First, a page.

House panel demands White House turn over documents on Kushner security clearance

Committee renews its request following a report that President Trump ordered top-secret clearance for Jared Kushner



Reuters
Jared Kushner

WASHINGTON — The House Oversight Committee on Friday renewed its request to the White House for documents related to the administration’s security-clearance processes, following reports that President Trump ordered his former chief of staff to grant his son-in-law a top-secret security clearance.

In a letter to White House counsel Pat Cipollone, the panel’s chairman, Elijah Cummings (D., Md.), said this was the committee’s last request for voluntary compliance, suggesting he could seek to compel the administration’s cooperation if the White House didn’t turn over the documents.

The New York Times reported Thursday that Trump had overruled concerns expressed by intelligence officials and former White House counsel Don McGahn and ordered former chief of staff John Kelly to grant Jared Kushner—his son-in-law and a senior adviser—a top-secret clearance. Kelly wrote an internal memo about the episode at the time, the Times reported.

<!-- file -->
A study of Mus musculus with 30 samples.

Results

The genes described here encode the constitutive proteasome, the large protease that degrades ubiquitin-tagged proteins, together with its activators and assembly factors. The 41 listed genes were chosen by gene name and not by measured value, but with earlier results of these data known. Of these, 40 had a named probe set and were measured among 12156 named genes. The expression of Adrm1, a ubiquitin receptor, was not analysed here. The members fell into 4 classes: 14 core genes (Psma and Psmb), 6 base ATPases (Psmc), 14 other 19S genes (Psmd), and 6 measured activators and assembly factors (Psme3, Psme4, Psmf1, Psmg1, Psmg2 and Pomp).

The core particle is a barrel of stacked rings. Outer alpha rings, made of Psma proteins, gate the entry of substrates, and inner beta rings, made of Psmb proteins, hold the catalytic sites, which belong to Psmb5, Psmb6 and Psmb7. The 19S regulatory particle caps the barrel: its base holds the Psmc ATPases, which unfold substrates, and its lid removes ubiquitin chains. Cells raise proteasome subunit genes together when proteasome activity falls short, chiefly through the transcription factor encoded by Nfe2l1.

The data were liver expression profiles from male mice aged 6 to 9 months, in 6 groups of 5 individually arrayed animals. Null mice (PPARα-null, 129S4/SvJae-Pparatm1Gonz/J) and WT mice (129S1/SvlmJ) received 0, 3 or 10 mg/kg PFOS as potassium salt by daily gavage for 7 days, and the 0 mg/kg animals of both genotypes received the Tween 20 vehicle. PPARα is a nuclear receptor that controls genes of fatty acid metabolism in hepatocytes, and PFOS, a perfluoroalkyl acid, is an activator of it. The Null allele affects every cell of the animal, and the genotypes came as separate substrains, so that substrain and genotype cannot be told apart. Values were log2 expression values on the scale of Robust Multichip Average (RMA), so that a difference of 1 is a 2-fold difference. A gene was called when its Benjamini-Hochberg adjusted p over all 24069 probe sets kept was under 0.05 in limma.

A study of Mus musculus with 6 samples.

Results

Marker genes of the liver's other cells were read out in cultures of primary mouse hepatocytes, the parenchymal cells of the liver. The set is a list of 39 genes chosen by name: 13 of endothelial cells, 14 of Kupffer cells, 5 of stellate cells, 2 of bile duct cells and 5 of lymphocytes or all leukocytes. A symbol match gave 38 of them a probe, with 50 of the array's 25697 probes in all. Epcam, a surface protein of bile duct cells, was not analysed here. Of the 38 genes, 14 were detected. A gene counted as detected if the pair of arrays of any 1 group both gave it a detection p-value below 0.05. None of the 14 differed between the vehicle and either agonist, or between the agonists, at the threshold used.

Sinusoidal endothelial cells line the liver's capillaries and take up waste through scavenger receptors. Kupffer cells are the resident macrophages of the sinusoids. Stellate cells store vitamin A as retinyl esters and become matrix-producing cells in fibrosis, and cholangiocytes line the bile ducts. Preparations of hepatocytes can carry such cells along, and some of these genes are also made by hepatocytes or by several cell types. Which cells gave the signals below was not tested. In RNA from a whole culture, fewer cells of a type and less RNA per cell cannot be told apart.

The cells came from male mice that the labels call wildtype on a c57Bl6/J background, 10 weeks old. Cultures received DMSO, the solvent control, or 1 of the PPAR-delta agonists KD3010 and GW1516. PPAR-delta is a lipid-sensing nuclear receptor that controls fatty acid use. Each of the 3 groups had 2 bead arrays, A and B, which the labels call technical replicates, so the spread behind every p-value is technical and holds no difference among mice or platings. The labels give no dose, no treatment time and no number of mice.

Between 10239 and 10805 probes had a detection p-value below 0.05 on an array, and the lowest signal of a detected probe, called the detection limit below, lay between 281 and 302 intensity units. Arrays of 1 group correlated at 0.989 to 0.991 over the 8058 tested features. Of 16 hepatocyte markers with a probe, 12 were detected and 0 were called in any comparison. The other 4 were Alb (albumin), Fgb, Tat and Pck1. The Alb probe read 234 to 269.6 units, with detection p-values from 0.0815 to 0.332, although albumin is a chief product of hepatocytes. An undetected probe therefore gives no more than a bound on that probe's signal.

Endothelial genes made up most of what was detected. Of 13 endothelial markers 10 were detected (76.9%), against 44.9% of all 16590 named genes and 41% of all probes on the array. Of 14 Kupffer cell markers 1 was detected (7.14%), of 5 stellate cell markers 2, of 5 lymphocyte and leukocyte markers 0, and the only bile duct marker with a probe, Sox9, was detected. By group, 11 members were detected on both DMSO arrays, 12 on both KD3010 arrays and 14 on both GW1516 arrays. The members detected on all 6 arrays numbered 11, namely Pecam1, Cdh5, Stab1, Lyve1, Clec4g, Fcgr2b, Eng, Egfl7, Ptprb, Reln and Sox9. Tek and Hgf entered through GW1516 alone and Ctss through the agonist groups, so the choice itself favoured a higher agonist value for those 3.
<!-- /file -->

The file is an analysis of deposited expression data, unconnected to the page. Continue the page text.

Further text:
Trump has denied involvement in Kushner’s or any other official’s security-clearance process. When Kushner received a top-secret clearance in May, his lawyer, Abbe Lowell, said that his client’s application had been “properly submitted, reviewed by career officials, and went through the normal process.” Ivanka Trump, the president’s daughter and Kushner’s wife, said in an ABC News interview last month: “The president had no involvement pertaining to my clearance or my husband’s clearance, zero.”

The White House declined to comment on the report. Peter Mirijanian, a spokesman for Lowell, said in a statement: “Whatever the accuracy or not of recent news stories, Lowell was not aware of nor told of any request for or action by the President to be involved in the security clearance process. Again, officials affirmed at the time that the regular process occurred without any pressure.”

An expanded version of this report appears at WSJ.com.